In yesterday’s article, Beware the Myth of the Noble Researcher, I posited something controversial:
To prevent a future where an egomaniac researcher unleashes a dangerous technology upon humanity, we should consider stricter regulation of research and development.
On the surface, this is a scary concept. But it’s a wonderful thing for humanity.
In this article, I will explain how innovation can—and should—and probably will—be regulated. I will also share who is truly fit for the role.
Kidding. Not me. Nor you. Nor politicians or bureaucrats. Read on.
Firstly, why does regulation have a bad reputation?
We’re scarred when it comes to regulation. We have baggage.
Think of a hot topic today. Gun control. Healthcare. It doesn’t matter if you’re pro- or anti-regulation; whatever the topic, I bet you’re pessimistic about whether that regulation will work.
Why? Obviously we’re jaded because it doesn’t usually work, especially in high-profile, public-facing topics where everyone has an opinion.
But why doesn’t it work?
Regulation often doesn’t work because of improper resource allocation caused by shortsightedness.
Bureaucrats afflicted with legacy thinking and power-related psychosis underestimated how much resources would be needed to achieve something.
Or they actually didn’t care about accomplishing something big; they just wanted to put on a show to keep the salary flowing.
But even when you have proper resource allocation, regulation is still a crapshoot. Why?
Regulation primarily doesn’t work because individual humans are not good representatives for humanity.
You are biases, fears, conditioning, and genetic disposition bundled up in a nice, unfit-for-representation package.
Currently, the way society is built, we have individuals representing—making crucial decisions on behalf of—groups of people. These individuals are not particularly empathic. They are not emotional geniuses. They are bundles of biases and fears, and they are making decisions on behalf of YOU.
Isn’t this archaic!?!
So…who IS a good representative for humanity?
Who? Think about it.
There is only one entity that is fit to represent humanity.
The trick to creating regulation which works is to allow humanity to govern itself. Crowd-sourcing laws, and technological funding, and commercial loans. Crowd-sourcing choices about humanity’s future.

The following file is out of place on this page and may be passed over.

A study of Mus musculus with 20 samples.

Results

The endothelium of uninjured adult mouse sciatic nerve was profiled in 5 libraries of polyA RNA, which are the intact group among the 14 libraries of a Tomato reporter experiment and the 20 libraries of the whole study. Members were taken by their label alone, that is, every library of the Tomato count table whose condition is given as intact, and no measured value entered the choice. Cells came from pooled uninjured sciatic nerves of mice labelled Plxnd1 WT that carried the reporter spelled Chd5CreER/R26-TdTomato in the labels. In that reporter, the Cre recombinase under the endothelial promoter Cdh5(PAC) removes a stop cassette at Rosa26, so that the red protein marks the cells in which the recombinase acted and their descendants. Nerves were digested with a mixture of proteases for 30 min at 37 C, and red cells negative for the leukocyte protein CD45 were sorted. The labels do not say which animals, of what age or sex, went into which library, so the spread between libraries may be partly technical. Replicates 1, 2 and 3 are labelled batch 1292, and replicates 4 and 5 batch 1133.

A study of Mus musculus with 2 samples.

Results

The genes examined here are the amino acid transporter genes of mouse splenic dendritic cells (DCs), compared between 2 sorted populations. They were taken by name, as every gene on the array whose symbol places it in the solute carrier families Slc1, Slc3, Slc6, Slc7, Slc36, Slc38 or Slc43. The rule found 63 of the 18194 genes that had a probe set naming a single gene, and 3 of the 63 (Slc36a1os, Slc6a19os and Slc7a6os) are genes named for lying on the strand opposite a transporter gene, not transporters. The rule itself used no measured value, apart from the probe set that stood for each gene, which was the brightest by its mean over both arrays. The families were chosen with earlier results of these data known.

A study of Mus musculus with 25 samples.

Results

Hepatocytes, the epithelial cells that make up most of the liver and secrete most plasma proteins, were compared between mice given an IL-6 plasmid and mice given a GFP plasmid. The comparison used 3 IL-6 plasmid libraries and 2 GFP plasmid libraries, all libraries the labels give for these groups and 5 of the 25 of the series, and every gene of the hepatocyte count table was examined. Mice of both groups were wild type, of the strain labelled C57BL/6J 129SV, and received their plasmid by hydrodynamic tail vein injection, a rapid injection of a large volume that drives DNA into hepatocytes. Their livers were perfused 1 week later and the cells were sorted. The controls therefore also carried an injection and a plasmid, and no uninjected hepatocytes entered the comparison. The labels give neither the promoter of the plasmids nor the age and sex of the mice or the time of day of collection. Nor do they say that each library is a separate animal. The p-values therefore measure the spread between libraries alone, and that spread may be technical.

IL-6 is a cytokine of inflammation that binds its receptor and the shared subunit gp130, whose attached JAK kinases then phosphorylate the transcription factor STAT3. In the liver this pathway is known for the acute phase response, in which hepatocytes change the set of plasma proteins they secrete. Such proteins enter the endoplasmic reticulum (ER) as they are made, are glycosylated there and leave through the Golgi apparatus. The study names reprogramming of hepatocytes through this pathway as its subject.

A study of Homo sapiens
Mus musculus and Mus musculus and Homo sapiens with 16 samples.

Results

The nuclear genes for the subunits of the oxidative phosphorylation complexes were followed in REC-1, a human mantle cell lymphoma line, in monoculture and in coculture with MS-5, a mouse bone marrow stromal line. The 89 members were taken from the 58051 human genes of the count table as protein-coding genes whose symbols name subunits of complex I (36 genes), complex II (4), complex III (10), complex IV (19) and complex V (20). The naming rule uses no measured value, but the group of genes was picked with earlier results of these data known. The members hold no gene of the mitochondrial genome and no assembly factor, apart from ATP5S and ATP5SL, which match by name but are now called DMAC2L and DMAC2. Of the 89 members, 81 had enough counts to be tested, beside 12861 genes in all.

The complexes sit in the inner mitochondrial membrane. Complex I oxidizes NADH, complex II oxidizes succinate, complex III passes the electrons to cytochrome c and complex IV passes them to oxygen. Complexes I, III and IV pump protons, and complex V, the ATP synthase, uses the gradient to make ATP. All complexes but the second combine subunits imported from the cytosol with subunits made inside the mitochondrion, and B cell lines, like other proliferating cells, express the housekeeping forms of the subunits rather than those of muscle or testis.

No, bureaucrats will not be eliminated. They will evolve to serve a different role. More like… caretakers.
Policy-making will be made by crowds.
This isn’t a crazy idea. It’s already happening on a relatively small scale: Kickstarter for funding. Change.org for social change.
Imagine if we had a Change.org for laws. How incredible would that be? It would certainly cull the tangled mess of obsolete, ridiculous laws that congest the legal system today.
Uhh… My dream is to open a muffin shop. You mean I can’t open it if people vote against it? Fuck that.
I mean exactly that. You’d need their approval.
And here’s why you shouldn’t feel threatened by what I’m saying.
Let’s say you open a muffin shop tomorrow—with NO crowd-sourced policy-making infrastructure in place. Turns out 95% of the people in your neighborhood hate muffins. But you don’t know that. You take out a big loan. You go bankrupt in 6 months.
Here’s the point. Don’t be deluded: your business is already at the mercy of a horde of people. That “horde” is your customer base.
Now imagine the same scenario if crowd-sourced regulation was in place. You’d realize oh, looks like my neighbors like doughnuts instead. Then you’d get rich. See how this kind of regulation can be a wonderful thing?
How would crowd-sourced regulation work?
Imagine a government-run website portal or virtual reality environment which is the hub for all laws. Another for all emerging technologies seeking funding. Another for all entities seeking commercial loans. Etc.
These programs would be accessible to all U.S. citizens and accommodate all languages. If you’re leery about it being government-run, well, keep in mind that the management of the portal could be crowd-sourced as well. Alternatively, the government’s management could be regulated by the crowd. It would simply be a modern, more transparent version of Checks and Balances.
You might “walk” into this virtual reality building, and say, “I’d like to learn more about prosthetic limbs. Specifically, which technologies are currently being voted on? Sort by ending soonest. Exclude projects seeking less than $5 million in funding. Include only projects based in California.”
You could scan through a summarized video history of prosthetic limbs, played back at 3x speed. You could see who in your network of friends and family voted for or against funding a particular technology, and see their explanations. You could get as granular as you wanted to seek information about a specific project.
The point is, if there existed an infrastructure which allowed crowds to regulate R&D, to regulate humanity’s future… wouldn’t that be a better methodology than what we’re using today?
Shouldn’t humanity as a whole—not a handful of humans, not the privileged few—choose what’s best for humanity?